Bicyclist keeps spirit high after paralyzing accident


POSTED: Sunday, September 27, 2009

John Henderson was riding his bicycle mauka on Kamehameha Highway from Haleiwa on May 2 when a tour bus hit him from behind, throwing him more than 90 feet.

The impact broke his left shoulder in three places, eight vertebrae and 13 ribs, and crushed both hips. It also damaged his colon, liver, spleen and heart, and punctured both lungs.

He was taken in critical condition to the Queen's Medical Center, where he underwent 18 hours of surgery. The injuries left him paralyzed from the belly button down and unable to move his left hand and arm.

When Henderson, who was a multi-sport athlete, went to a spinal cord rehabilitation center in Colorado, he could manage only to sit up long enough for the takeoff and landing aboard the airplane.

He returned to Oahu last month with the ability to sit up in a wheelchair—with the help of powerful pain medication—and enough strength in his left hand and arm to wheel himself around and pick up things. And he says he has some movement in his legs and feet, but not enough to walk.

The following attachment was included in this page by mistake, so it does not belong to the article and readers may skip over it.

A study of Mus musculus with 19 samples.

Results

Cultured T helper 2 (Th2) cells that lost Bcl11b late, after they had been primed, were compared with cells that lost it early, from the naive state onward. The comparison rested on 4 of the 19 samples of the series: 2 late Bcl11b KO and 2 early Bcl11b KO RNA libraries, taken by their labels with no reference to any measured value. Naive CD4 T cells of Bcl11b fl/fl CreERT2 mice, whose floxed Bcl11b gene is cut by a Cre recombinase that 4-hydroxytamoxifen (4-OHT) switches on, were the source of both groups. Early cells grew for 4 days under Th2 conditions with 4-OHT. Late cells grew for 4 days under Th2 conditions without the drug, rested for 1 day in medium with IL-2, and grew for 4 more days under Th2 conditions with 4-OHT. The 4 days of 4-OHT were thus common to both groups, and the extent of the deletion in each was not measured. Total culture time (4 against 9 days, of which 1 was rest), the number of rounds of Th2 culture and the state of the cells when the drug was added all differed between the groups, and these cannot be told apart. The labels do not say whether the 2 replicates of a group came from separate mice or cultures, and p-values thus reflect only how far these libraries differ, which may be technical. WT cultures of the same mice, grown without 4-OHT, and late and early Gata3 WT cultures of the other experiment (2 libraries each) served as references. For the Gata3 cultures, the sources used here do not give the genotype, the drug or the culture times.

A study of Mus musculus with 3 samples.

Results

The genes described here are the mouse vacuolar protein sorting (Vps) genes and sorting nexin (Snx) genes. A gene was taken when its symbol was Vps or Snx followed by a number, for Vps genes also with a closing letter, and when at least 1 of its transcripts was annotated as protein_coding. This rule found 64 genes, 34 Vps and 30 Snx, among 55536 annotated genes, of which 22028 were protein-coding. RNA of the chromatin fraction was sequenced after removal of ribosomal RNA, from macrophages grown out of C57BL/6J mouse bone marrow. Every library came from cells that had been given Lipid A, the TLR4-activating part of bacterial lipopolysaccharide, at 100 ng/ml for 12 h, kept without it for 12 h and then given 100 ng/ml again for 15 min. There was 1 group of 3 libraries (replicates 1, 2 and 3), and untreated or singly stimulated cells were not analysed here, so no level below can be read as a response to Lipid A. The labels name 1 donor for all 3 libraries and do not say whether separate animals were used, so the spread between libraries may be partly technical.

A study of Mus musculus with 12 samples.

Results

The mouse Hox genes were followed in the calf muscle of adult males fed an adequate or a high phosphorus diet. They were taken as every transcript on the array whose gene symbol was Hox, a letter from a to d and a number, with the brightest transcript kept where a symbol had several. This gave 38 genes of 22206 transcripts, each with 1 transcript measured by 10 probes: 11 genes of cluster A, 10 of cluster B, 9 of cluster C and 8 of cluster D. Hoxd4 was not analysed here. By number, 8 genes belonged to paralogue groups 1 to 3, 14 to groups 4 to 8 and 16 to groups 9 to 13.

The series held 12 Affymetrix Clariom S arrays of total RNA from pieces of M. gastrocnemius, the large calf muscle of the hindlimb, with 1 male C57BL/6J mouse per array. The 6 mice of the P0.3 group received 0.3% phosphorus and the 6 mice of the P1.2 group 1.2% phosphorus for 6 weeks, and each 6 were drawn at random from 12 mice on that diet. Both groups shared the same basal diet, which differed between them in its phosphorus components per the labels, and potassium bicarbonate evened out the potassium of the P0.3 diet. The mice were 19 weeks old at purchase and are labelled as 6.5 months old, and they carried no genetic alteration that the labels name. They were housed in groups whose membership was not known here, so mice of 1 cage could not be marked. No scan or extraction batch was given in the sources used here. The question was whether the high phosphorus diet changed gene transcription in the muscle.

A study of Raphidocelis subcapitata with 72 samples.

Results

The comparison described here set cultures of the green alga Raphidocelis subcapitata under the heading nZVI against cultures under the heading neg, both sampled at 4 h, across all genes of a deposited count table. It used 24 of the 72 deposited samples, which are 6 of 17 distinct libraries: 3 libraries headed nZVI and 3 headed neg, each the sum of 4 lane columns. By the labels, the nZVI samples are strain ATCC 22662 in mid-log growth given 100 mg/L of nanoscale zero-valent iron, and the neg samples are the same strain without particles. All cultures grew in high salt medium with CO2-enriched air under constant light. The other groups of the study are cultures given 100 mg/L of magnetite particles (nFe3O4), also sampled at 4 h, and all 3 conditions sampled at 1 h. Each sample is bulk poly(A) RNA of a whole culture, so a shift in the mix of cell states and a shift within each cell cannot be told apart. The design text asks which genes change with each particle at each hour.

Henderson, 35, said his positive attitude will help him improve further, which means learning to do some of the same activities he did before, but differently. He probably won't be able to walk, run or ride his bicycle again.

He's lived in a home in Waialua that faces open fields in the shadow of Mount Kaala because it gave him the opportunity to wake up in the morning, grab his mountain bike and go riding from his garage.

“;I wake up to the same view, but I can't go. That's what's tough,”; he said last week.

He's filed a lawsuit against the tour bus company and the driver. And he's hoping his experience will raise bicycle safety awareness among both motorists and bicyclists, “;so that what's happened to me won't happen to somebody else,”; he said.

One item he'd like people to be aware of is a bill pending before the City Council that would prohibit motorists from driving their vehicles within 3 feet of bicyclists when passing them on the roadway. Many cyclists testified in favor of the proposal, but the Honolulu Police Department testified against it.

“;We oppose it on the difficulty of enforceability,”; said Maj. Thomas Nitta of HPD's Traffic Division.

Nitta said officers will have a difficult time determining whether a vehicle passes within 3 feet. He said the proposal will also create a “;bubble”; around bicycles.

“;And everybody would be slowed down at the speed of the bicyclist,”; he said.

Henderson said he was riding on the right shoulder of the highway alongside his girlfriend when the bus hit him. His lawyer, Rick Fried, said video recorded inside the bus shows it left the roadway. Fried said he's scheduled to interview the driver soon to determine why.